PS is the shortened form of the Latin word, which means “after writing” and describes an afterthought. In this sense, post means “after” and scriptum describes the word “written.” The initials PS stands for something that follows the body of your email. This means that the PS either has a connection to the rest of the email or can stand alone and express another thought.
When people still wrote their texts on paper with pen and ink, it was a challenge to rewrite the entire letter if an important piece of information was forgotten. Using PS in a letter indicated an additional idea after the main text was already written and the closing lines and signature were already set. Even today, PS is set after the signature.
How to use PS correctly in your email
Nowadays, we can easily edit our messages. However, using PS still has its function even today. When you use PS, you suggest to the reader of your email that you are adding an additional note or piece of information which is independent of the main body. This means that you usually don’t use PS in the body of your email, but rather to describe a thought after you’ve finished your message. It is also a wonderful way to add a personal touch at the end.
Examples of PS in an email
An example of this could be a reminder of a private meeting you have arranged to meet next Friday at 5 pm. You would then conclude your email as follows:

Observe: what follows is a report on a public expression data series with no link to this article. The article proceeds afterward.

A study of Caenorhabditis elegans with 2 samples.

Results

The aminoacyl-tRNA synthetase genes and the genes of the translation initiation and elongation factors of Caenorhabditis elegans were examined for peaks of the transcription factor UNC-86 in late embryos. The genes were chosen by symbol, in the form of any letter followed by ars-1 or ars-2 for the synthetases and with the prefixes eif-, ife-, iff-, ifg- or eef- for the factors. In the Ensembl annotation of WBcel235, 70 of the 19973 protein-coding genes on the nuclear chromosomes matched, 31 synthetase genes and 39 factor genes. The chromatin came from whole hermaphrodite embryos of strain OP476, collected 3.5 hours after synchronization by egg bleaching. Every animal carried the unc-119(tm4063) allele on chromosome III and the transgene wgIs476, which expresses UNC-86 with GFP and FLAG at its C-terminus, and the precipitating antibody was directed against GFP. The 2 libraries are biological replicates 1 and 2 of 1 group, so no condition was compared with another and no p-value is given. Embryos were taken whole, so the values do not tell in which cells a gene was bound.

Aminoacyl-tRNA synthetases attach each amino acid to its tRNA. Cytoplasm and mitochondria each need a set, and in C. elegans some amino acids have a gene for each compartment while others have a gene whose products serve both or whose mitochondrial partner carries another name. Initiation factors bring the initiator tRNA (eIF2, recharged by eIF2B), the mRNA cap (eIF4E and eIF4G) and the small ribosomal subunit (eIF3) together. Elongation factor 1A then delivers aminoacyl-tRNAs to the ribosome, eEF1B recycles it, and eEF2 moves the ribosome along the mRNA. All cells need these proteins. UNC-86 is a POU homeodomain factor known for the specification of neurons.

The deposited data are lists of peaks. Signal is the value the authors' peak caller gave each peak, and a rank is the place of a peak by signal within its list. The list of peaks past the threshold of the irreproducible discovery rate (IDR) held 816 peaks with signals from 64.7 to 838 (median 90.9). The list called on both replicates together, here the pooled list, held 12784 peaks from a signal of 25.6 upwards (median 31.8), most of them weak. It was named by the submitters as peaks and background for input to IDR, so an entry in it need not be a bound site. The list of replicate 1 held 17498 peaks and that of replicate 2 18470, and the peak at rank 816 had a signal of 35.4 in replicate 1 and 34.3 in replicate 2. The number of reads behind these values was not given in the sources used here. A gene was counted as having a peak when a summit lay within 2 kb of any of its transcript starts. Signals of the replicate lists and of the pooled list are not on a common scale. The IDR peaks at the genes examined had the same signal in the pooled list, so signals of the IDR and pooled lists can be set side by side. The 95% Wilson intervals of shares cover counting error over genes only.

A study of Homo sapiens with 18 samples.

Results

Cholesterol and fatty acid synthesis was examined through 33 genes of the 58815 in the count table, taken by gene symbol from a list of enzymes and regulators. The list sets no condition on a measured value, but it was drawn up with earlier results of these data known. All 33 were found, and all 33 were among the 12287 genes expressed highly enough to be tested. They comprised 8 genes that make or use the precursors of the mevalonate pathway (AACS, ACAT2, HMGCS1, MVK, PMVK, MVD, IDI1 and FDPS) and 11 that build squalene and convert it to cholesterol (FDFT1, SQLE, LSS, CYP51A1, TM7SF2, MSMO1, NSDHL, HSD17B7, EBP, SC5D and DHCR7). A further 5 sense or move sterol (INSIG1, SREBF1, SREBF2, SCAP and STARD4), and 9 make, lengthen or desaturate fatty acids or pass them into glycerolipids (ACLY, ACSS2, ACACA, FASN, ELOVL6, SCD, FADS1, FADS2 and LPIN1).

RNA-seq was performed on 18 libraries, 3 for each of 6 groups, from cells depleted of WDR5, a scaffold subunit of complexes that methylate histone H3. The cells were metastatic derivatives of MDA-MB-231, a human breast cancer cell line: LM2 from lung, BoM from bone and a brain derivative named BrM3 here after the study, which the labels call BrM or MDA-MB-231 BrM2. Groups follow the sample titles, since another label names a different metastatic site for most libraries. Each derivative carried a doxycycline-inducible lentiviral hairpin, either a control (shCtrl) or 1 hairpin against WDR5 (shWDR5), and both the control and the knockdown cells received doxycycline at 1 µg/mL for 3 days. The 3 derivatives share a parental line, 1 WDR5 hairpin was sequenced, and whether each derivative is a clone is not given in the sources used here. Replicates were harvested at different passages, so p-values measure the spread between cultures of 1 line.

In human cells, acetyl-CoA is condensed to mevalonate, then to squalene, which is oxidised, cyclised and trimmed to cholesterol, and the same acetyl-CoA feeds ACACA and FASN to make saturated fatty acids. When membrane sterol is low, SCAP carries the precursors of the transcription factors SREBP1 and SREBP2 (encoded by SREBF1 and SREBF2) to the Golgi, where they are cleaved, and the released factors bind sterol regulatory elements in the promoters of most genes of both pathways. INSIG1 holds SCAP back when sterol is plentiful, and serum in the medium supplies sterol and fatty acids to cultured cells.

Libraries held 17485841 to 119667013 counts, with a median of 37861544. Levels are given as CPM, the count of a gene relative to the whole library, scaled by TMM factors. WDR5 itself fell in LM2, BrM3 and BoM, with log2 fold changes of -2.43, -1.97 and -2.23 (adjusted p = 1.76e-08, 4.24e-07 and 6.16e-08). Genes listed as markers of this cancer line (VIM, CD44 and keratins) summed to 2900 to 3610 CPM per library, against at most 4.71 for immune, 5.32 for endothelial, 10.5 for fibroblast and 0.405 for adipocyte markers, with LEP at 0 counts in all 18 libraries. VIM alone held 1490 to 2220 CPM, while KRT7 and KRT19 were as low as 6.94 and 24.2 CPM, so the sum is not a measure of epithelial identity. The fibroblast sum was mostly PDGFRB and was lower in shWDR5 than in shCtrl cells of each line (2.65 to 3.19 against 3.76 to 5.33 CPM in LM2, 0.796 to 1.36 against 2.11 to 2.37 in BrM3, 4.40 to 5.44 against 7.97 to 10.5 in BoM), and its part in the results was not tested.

P.S. I have reserved a table at the restaurant for 5 pm. I would say we meet right in front of the office and walk there together.
What is the correct way to write PS
Interestingly, you have two options available. PS and P.S. are both correct. The Cambridge Dictionary suggests P.S. as the correct spelling for the British English format, but PS is still used in the same way. By the way, you can include multiple afterthoughts by using PPS, PPPS, and so on.
- PS continues to appear in modern correspondence such as emails and online chats.
- Postscriptum originated in a time period when letters were handwritten or typed on a typewriter.
- PS is an acronym of the Latin word postscriptum, which translates as post-script.
- Both PS and P.S. are correct.
- You can use multiple postscripts using PPS, PPPS, and so on.